Legal rights for animals around the corner? Probably not!

This past Monday a New York judge initially ruled that chimpanzees are entitled to habeas corpus rights which are Constitutional protections that are normally set aside for people. A science blogger at The Washington Post states, she ended up amending her order striking out the words related to habeas corpus protections. Judge Barbara Jaffe did leave in place the ability to represent the chimps in court but whether or not the chimps are persons is still open for debate … for now.

Despite the latter set back, the Non-human Rights Project (so called) is undaunted. The group sees the initial ruling as getting their foot in the door to granting animals full human rights. The Washington Post blogger states the NhRP has been trying to get chimps and other animals (such as dolphins and elephants) the same rights as humans for many years. If they are successful, the group will, most likely, litigate even more lawsuits using Judge Jaffe’s ruling as the basis for it.

The case centers around four New York chimpanzees—Hercules and Leo at Stony Brook, and two others on private property. The NhRP claims the chimps in question are too cognitively and emotionally complex to be held in captivity and should be relocated to an established chimpanzee sanctuary. Three lower courts sided with the property owner by rejecting the NhRP’s requests for writs of habeas corpus protections for the chimps. Had Judge Jaffe not amended her initial decision, the NhRP would have had license to harass and intimidate zoos, medical labs that use animals for testing and even animal owners with lawsuits if the group deemed their captivity as inhumane.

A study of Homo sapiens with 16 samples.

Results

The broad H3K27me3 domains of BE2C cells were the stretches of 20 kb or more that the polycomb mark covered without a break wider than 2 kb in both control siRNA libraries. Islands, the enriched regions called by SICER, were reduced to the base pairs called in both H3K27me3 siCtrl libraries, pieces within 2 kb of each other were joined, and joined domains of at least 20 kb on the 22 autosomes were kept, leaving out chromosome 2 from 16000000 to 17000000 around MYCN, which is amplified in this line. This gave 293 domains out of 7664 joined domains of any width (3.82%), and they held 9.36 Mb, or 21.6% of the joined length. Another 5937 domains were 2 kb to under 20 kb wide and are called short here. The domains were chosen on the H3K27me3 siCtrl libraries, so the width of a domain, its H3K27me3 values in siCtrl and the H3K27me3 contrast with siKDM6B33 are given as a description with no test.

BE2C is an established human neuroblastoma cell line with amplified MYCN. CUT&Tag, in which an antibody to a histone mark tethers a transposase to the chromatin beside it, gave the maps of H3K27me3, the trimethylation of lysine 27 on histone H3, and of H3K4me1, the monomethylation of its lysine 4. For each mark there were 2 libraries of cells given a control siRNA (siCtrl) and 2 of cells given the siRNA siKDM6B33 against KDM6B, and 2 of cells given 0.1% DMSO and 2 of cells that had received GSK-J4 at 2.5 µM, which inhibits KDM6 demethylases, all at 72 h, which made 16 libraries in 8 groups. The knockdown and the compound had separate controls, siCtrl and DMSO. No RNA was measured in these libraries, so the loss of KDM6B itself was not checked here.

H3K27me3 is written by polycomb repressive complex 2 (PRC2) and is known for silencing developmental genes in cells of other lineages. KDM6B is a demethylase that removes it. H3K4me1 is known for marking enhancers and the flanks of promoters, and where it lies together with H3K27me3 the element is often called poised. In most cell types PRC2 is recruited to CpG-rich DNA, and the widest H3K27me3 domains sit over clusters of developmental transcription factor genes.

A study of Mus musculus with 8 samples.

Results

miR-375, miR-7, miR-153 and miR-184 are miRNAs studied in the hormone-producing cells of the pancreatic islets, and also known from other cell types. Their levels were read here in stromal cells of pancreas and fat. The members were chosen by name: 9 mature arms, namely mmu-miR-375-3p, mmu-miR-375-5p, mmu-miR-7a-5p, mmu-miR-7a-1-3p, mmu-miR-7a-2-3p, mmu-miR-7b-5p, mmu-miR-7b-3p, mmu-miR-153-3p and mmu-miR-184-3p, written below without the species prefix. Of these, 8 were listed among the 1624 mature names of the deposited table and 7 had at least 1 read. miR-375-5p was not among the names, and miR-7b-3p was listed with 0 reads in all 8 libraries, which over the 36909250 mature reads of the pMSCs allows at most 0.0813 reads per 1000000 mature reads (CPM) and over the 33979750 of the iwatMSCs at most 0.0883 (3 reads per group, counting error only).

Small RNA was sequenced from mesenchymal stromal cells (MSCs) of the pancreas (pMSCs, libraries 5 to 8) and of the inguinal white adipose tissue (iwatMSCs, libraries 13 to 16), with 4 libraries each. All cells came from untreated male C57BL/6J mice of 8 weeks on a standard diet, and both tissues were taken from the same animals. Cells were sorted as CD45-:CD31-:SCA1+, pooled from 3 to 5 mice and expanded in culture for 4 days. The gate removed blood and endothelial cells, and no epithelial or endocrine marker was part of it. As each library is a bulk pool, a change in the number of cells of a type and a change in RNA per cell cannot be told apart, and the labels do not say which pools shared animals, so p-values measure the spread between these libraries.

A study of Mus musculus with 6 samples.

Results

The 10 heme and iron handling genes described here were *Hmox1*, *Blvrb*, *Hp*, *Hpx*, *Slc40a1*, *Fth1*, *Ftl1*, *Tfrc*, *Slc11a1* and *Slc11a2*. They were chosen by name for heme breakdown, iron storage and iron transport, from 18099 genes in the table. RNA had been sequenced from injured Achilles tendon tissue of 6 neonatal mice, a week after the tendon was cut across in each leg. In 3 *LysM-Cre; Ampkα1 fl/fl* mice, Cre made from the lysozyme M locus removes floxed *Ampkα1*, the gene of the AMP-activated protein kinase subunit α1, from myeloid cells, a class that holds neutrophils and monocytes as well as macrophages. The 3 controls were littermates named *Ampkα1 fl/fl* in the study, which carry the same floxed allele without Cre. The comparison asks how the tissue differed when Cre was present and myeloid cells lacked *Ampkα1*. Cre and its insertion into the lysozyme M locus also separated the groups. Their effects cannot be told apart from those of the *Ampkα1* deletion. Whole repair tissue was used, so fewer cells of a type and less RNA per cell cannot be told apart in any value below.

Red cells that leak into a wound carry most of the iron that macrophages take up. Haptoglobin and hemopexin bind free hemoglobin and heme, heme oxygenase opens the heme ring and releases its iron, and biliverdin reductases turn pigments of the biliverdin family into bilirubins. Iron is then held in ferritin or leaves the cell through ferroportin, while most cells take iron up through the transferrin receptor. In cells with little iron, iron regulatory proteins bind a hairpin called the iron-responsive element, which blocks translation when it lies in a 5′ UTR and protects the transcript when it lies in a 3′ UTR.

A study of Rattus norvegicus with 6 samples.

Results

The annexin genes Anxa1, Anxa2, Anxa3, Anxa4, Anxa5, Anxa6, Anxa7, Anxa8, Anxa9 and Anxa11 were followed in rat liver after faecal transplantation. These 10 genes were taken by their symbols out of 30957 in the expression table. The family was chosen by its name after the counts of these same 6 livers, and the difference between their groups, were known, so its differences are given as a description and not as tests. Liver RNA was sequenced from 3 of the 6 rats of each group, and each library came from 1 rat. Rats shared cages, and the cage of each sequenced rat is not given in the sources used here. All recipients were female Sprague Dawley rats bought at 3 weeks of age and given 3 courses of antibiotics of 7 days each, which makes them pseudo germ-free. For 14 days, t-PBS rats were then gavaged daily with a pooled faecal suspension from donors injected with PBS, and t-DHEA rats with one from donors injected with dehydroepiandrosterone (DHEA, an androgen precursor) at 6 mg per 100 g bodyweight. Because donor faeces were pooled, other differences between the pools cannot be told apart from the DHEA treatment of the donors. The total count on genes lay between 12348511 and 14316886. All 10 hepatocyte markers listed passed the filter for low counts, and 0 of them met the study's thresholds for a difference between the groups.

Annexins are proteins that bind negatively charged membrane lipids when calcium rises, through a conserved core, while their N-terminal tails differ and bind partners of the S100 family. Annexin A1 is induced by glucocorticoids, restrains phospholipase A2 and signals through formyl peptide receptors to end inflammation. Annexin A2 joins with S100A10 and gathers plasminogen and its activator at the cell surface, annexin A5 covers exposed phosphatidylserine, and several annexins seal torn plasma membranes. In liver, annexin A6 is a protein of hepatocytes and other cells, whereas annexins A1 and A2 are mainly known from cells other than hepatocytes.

However, there may not be much to the ruling itself. When the judge’s decision was made, Science Insider recently quoted Pepperdine University Law Professor Richard Cupp who stated:

“The judge may merely want more information to make a decision on the legal personhood claim, and may have ordered a hearing simply as a vehicle for hearing out both parties in more depth,” he writes in an e-mail to Science. “It would be quite surprising if the judge intended to make a momentous substantive finding that chimpanzees are legal persons if the judge has not yet heard the other side’s arguments.”

Unlike what animal rights groups (like NhRP and PeTA) allege, individual rights are not based on a being’s capacity to feel pain, but are based on a being’s capacity to think. It is mankind’s ability to think and reason that makes humans nature’s favored species. Animals lack any rational faculties in which their primary means of survival is predatory instincts. I do not advocate nor condone cruelty toward animals. What I condemn are efforts on the part of animal rights groups seeking to give animals the same rights as humans. However, so-called animal rights groups’ definition of cruelty just like their views on when rights apply and activities like litigating cases like this is only geared to destroy individual rights in order to obliterate human existence.